As kids, most of us at least occasionally wanted a day off to sleep in or to run off on a crazy adventure like Ferris Bueller. Unfortunately, it’s technically against the law for school-aged children to skip school. Skipping school is called truancy. Compulsory education laws to prevent truancy and to ensure everyone has a basic level of education exist across the United States.
The table below outlines the Colorado’s compulsory education laws.
|Code Sections||Colorado Revised Statutes Sections 22-33-104 to 22-33-?: School Attendance Act of 1963|
|Age at Which School Attendance is Required||Children between the ages of 6 (on August 1 of each year) and 16 must attend school.|
|Exceptions to Attendance Requirements||The compulsory attendance law doesn’t apply to children when:
||Parents who homeschool their children don’t have to follow the rules in the Colorado Educator Licensing Act of 1991, but they must:
|Penalties for Noncompliance||Each school district has at least one attendance officer designated to enforce compulsory education in his or her schools. The school board for each district also has to adopt and implement policies and procedures for handling habitually truant children and their parents. The goal is to help children stay in school. Sometimes fixing a different problem, such as creating a child special education plan for the child or removing a bully from his or her class, will stop the child from ditching school.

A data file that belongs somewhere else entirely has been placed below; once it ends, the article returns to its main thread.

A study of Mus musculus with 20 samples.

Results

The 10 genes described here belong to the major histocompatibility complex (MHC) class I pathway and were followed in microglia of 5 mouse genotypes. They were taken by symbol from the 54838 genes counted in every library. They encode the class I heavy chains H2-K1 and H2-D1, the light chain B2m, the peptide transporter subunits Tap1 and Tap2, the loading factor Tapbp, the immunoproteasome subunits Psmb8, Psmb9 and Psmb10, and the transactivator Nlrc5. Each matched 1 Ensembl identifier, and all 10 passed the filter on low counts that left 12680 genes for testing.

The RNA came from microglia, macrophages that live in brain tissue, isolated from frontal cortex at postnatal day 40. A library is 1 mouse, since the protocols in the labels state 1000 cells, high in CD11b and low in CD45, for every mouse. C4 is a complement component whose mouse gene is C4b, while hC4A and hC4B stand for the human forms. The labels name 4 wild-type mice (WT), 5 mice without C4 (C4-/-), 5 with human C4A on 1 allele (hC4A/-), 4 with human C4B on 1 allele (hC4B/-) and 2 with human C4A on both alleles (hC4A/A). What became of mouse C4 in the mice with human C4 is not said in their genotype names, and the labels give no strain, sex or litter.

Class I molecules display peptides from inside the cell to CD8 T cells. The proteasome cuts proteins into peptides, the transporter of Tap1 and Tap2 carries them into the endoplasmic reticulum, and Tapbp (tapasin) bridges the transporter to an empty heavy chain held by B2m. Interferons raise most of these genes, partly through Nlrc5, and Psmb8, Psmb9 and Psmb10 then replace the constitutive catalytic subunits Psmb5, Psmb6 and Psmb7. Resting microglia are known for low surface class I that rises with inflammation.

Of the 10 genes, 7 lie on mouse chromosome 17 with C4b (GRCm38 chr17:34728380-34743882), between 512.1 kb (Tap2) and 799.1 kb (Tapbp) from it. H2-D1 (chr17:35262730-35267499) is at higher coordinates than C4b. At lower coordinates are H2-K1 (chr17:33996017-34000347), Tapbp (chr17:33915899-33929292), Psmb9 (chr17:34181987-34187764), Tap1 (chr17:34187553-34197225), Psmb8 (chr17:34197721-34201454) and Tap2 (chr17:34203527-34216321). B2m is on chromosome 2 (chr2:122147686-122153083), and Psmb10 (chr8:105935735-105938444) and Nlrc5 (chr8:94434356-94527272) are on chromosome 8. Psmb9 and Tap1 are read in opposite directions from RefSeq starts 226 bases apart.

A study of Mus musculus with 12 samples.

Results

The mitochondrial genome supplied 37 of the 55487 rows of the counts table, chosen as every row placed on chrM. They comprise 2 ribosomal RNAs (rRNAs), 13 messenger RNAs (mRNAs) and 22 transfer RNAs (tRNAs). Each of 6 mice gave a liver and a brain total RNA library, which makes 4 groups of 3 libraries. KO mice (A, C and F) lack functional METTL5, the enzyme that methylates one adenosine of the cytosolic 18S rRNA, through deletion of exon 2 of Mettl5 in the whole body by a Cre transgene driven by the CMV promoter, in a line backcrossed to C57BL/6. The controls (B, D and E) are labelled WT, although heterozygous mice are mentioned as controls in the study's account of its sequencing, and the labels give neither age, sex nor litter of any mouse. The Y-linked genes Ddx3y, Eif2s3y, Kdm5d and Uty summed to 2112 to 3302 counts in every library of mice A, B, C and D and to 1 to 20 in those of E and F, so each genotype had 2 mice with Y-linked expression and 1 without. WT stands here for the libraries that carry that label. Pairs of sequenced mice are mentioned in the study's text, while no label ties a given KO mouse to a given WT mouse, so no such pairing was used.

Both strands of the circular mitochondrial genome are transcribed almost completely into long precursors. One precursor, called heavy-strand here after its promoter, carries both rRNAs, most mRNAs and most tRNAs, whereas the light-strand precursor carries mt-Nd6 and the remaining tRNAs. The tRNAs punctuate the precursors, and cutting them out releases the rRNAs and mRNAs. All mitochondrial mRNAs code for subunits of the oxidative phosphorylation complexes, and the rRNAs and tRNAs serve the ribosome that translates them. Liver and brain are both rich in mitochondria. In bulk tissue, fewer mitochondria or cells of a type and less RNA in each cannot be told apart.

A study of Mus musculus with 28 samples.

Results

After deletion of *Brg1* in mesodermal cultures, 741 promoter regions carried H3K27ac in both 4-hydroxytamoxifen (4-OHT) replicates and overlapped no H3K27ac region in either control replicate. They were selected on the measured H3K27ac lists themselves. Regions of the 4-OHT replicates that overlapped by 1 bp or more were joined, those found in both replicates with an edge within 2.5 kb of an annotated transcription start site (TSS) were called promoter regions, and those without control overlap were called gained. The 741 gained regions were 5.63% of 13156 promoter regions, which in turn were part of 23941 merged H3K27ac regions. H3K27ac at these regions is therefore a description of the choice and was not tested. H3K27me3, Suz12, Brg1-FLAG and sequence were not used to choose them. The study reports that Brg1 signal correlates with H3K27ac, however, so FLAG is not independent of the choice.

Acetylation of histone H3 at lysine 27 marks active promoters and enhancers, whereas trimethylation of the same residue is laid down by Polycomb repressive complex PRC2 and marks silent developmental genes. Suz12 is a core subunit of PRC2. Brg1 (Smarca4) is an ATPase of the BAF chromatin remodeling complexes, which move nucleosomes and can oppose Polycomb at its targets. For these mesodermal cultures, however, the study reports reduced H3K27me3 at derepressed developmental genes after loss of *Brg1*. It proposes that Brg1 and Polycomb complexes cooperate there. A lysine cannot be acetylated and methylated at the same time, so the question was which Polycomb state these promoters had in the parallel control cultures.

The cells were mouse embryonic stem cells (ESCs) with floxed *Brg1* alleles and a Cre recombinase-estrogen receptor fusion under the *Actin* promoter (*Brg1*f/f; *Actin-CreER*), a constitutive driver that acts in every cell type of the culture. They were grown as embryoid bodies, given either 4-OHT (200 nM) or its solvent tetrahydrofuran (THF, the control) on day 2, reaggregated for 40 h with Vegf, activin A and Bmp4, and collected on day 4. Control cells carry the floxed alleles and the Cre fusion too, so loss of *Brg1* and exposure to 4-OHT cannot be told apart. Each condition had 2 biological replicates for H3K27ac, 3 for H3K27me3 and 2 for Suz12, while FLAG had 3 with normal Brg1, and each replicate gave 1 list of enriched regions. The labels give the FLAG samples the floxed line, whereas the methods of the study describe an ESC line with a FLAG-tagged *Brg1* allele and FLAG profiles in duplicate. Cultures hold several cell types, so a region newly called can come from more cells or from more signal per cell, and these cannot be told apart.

A child is considered “habitually truant” when a child required to attend school has four unexcused absences in one month or ten unexcused absences in any school year. Habitually truant children can be sent to juvenile detention, put on house arrest with an ankle monitor, have a truancy officer call them or pick them up to take them to school, and additional penalties.
Parents of habitually truant children can also be punished by the Truancy Court. If a abuse or neglect is found to be a part of the truancy problem, a child can be removed from the home.
Note: State laws change all the time, it’s important to verify these state laws by conducting your own research or contacting an experienced Colorado Education Law attorney.